From genetics to snug shoes, the cause of a hammertoe varies. What remains certain is early detection as the key to speedy recovery.
A hammertoe is that unusual bend in your third, fourth, or little toe. With time, it can worsen, but by recognizing the issue early on, you can lessen the likelihood of surgery. We understand — you want to get back on your feet sooner than later. That’s why Dr. Cox has outlined his pro-tips for healing, so you can return to life, uninterrupted.
The main culprit develops from an irregular amount of muscle in the toe. This imbalance presses on your toe’s tendons and joints, causing “contracture,” a deformity generated by the hardening and shortening of tissues in this part of the foot.
Cases of heredity, arthritis, and trauma (including too tight of shoes) most often initiate this “imbalance.”
Why heredity, though? In our most recent post on bunions (read here), we discussed how poor foot mechanics can lead to defective development in this area of the body. Parents are capable of passing these mechanics onto their children, which is why, more often than not, bunions go hand in hand with hammertoes.
In a hammertoe’s earliest stages, your toe is still flexible enough for your podiatrist to fix through nonsurgical means.
However, as time passes, the tissues in your toe harden. The symptoms — pain, irritation, corns, calluses, redness, and inflammation — intensify. At this point, your only option is surgery.
When you visit your local podiatrist, he or she will take x-rays of your toe and access the severity of the situation.
Based on this, there are several different treatment options:
● Padding and Taping, “Padding” means to cover the toe, all to minimize the pain from its surroundings; “Taping” intends to alter the imbalance created around your toe’s ligaments and joints, as well as reduce pressure and pain.
● An Orthotic Device, “Orthotics” are manufactured devices that help support and shape your foot for its healthiest. In the case of a hammertoe, your podiatrist will create a custom shoe insert specific to your foot. This will work to reduce your symptoms and stop the deformity from worsening.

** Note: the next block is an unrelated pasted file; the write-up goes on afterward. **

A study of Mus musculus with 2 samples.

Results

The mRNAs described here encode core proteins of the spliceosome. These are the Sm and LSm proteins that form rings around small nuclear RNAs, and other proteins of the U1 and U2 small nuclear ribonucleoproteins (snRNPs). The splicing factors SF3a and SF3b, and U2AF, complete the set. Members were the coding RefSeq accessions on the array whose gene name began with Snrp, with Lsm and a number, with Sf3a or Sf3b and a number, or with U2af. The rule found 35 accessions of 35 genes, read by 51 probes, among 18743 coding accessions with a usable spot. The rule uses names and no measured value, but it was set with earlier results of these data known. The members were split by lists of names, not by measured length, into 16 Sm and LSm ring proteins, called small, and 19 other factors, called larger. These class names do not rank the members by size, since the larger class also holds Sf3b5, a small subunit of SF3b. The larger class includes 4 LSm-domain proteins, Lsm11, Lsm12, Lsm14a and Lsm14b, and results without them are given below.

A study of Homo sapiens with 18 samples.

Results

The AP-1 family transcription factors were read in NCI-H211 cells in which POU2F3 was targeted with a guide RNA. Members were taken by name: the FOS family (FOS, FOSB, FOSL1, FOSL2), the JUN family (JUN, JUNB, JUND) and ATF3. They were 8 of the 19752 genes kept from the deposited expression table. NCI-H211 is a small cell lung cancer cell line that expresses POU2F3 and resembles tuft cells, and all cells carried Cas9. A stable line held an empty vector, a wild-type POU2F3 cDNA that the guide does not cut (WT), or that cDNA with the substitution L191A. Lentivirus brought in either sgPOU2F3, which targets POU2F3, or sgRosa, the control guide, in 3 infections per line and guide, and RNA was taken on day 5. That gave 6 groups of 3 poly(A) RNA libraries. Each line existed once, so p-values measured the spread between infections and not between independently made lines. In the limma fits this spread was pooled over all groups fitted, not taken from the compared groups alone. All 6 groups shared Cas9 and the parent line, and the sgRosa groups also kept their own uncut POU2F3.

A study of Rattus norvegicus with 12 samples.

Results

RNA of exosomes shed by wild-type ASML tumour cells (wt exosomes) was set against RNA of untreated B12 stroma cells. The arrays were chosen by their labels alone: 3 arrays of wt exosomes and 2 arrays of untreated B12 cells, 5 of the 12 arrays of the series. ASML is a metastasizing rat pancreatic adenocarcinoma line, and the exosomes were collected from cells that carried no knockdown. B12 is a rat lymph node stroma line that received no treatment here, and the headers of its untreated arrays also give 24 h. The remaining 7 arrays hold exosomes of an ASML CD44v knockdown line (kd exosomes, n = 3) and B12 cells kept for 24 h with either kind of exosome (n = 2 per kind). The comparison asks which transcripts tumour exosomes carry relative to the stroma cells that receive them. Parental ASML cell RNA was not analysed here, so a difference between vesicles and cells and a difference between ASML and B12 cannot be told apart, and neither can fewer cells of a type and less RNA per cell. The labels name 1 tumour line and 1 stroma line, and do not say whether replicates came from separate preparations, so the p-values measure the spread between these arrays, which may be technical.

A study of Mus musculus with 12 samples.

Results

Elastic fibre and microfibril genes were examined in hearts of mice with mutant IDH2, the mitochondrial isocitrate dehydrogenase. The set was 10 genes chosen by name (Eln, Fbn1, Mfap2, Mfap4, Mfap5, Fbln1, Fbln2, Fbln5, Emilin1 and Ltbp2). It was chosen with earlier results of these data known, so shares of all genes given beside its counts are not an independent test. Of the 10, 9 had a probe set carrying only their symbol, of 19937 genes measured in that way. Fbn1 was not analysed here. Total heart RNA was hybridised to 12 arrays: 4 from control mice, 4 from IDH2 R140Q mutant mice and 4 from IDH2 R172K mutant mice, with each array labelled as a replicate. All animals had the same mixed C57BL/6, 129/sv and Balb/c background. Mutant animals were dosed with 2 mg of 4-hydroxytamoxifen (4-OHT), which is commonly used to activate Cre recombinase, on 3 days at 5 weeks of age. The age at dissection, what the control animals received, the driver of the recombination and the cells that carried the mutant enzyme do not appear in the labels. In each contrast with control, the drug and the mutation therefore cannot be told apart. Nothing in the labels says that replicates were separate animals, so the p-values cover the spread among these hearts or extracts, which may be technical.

● Medications, In some cases, cortisone injections and anti-inflammatory drugs work well to reduce pain and swelling.
● Surgery, This is only necessary for extreme circumstances. Depending on the severity of the hammertoe, your podiatrist will evaluate and develop the best plan for your unique condition.
Prevention is key.
As always, prevention and self-care are the best medicine to curb any initial issue. What Dr. Cox suggests is:
● Steering away from shoes that are tight or come to a sharp point at the toes.
● Grab a pair of shoes that support the individual needs of your feet. (Those who suffer from flat feet especially need this to prevent hammertoes.)
● Wearing custom orthotics created by your foot specialist.
As we’ve mentioned before, it’s important to a handle a hammertoe earlier than later. But more significantly, it’s paramount to identify if the problem is a torn ligament (and sometimes that happens).
In this case, the steps towards healing are much different than a hammertoe. Learn what the American College of Foot and Ankle Surgeons®, an organization in which we’re a member, has to say about this condition here.